Current Research Projects

New viability-based control method and early detection tools for invasive European Water Chestnut (Trapa natans) in New York State

PI: Dr. Shane Rogers
Study Area: Hudson River near Beacon

Using aerial and underwater photography, Prof. Shane Rogers is establishing growth rates, nutrient uptake dynamics and the life cycle of chestnuts. He is conducting experiments to stabilize chestnut seeds via Clarkson's anaerobic digester. The goal is to make recommendations for the timely removal and effective management of invasive chestnuts to support recreation and restoration of ecology. 

Engaging Communities to Advance Hydrologic Science (HydroComm)

PI: Dr. Tyler Smith
Co-PI: Dr. Ben Galuzzo
Co-Investigators: Dr. Seema Rivera, Asher Pacht
Study Areas: North Country, Capital Region, Lower Hudson Valley

A team of faculty and staff from across Clarkson's campuses is "groundtruthing" hyrologic models by developing community engagement in hydrologic science through a strategy of citizen science and participatory modeling which has been shown to enhance scientific impact. The goal is to improve hydrologic models and motivate STEM education through community engagement across the Clarkson University footprint.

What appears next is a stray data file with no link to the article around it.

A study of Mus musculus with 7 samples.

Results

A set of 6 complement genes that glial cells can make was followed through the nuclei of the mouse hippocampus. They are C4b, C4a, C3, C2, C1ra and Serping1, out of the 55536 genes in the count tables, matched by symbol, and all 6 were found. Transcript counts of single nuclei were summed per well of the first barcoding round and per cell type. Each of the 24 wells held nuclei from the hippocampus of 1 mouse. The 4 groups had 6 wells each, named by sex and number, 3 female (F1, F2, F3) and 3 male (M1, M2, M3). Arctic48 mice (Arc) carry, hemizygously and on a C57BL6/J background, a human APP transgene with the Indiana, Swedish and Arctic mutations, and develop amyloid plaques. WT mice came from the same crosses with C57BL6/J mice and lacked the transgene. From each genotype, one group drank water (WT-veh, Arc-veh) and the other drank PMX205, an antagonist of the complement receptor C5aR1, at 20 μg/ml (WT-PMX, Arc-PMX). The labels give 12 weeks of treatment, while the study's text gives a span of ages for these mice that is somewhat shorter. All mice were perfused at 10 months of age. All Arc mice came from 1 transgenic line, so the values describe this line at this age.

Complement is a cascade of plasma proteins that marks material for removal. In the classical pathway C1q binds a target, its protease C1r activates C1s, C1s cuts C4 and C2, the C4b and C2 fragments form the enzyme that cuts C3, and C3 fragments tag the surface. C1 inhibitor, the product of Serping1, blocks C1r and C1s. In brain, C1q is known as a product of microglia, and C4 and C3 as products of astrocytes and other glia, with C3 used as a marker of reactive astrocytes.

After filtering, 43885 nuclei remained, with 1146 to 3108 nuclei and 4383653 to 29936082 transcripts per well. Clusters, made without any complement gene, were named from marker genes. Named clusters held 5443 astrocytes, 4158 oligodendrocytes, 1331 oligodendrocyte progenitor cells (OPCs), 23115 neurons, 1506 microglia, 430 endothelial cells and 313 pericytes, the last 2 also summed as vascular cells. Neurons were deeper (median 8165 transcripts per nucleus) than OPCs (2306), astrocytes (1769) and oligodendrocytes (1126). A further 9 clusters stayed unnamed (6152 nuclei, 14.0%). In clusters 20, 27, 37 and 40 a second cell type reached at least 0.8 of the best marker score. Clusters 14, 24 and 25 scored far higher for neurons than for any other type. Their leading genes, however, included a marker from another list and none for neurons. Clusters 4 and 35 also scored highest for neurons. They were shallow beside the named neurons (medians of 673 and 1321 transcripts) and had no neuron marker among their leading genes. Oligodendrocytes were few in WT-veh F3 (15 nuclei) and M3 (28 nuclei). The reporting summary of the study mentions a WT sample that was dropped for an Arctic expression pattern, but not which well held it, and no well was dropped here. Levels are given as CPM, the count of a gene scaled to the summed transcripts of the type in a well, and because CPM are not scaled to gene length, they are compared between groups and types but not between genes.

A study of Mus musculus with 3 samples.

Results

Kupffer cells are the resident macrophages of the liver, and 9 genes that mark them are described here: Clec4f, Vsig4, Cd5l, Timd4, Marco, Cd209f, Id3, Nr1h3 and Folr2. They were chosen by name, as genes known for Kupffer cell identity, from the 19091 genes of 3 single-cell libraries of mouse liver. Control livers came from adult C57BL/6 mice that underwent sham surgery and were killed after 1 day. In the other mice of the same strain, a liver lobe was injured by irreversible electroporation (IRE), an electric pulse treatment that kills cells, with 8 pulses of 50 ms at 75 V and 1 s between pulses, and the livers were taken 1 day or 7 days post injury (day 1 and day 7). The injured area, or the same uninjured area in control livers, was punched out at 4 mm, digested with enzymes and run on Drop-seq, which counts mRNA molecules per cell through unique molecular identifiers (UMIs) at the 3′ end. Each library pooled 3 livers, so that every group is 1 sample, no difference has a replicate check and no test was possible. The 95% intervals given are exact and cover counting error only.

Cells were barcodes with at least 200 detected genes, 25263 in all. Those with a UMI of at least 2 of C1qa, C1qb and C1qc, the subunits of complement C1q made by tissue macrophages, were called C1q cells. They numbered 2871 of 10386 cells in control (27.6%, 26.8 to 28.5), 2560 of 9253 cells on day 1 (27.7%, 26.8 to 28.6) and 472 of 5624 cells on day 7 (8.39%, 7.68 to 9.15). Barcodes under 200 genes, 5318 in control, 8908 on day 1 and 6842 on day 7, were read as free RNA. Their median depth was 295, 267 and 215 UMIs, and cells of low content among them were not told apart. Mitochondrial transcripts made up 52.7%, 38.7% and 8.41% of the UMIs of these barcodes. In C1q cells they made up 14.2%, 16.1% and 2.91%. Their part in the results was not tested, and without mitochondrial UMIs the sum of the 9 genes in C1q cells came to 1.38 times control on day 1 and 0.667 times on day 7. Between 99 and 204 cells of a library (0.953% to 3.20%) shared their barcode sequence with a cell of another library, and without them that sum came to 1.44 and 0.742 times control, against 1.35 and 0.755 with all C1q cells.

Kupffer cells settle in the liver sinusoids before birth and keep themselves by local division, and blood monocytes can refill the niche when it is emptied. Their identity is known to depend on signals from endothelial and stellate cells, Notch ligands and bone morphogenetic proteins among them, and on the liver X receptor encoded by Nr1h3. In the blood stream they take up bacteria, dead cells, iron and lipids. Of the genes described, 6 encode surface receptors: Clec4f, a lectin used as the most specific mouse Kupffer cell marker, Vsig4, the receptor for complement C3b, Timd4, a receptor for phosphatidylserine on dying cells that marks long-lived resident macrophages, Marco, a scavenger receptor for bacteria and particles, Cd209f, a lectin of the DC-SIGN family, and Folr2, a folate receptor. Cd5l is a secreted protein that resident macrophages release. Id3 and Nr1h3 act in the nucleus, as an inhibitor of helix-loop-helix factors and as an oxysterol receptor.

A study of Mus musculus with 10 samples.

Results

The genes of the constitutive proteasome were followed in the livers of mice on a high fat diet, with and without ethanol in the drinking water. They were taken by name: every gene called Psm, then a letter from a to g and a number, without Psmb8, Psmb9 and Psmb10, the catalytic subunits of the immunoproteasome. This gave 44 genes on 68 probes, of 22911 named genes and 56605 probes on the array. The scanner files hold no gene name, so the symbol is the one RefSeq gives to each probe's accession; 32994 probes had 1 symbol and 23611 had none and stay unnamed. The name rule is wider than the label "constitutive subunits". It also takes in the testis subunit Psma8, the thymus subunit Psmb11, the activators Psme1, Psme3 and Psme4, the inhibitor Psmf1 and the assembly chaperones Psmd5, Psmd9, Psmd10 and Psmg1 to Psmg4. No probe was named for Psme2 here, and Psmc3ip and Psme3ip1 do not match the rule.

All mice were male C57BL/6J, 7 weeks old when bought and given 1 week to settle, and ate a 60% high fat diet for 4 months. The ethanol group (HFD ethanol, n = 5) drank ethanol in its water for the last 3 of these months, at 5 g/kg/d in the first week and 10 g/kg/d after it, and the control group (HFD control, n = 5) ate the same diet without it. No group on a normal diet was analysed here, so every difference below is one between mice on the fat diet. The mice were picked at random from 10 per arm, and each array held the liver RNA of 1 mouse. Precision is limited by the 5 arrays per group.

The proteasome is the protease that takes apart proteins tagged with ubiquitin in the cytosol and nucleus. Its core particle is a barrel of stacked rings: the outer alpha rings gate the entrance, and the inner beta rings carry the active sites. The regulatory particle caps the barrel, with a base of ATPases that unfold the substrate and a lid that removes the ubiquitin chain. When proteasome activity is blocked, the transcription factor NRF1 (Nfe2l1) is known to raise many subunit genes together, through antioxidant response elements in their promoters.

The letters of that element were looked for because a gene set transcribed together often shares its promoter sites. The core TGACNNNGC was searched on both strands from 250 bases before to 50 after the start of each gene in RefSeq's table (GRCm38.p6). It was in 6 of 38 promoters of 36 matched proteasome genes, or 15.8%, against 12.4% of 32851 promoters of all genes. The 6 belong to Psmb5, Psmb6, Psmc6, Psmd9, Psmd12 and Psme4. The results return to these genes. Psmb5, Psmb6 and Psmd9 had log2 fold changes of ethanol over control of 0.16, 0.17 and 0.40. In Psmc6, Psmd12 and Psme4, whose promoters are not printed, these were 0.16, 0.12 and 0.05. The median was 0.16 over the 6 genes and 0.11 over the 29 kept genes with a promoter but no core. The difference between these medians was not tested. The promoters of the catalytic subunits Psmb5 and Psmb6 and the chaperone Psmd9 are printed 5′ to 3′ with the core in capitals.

Experimental investigation of CO2-induced acidification on the physiological performance of the invasive mystery snail (Cipangopaludina chinensis) from northern New York

PI: Dr. Andrew David
Study Areas: Raquette River and Fishkill Creek

Clarkson Prof. Andrew David is studying the effects of future climate change scenarios on the health of representative specimens of the invasive Asian mystery snail and comparing it with native species from New York State waterways. The goal is to predict specific climate change impacts on stream ecology, to identify management strategies for invasive snails and to make recommendations for sustaining native snail ecology and population.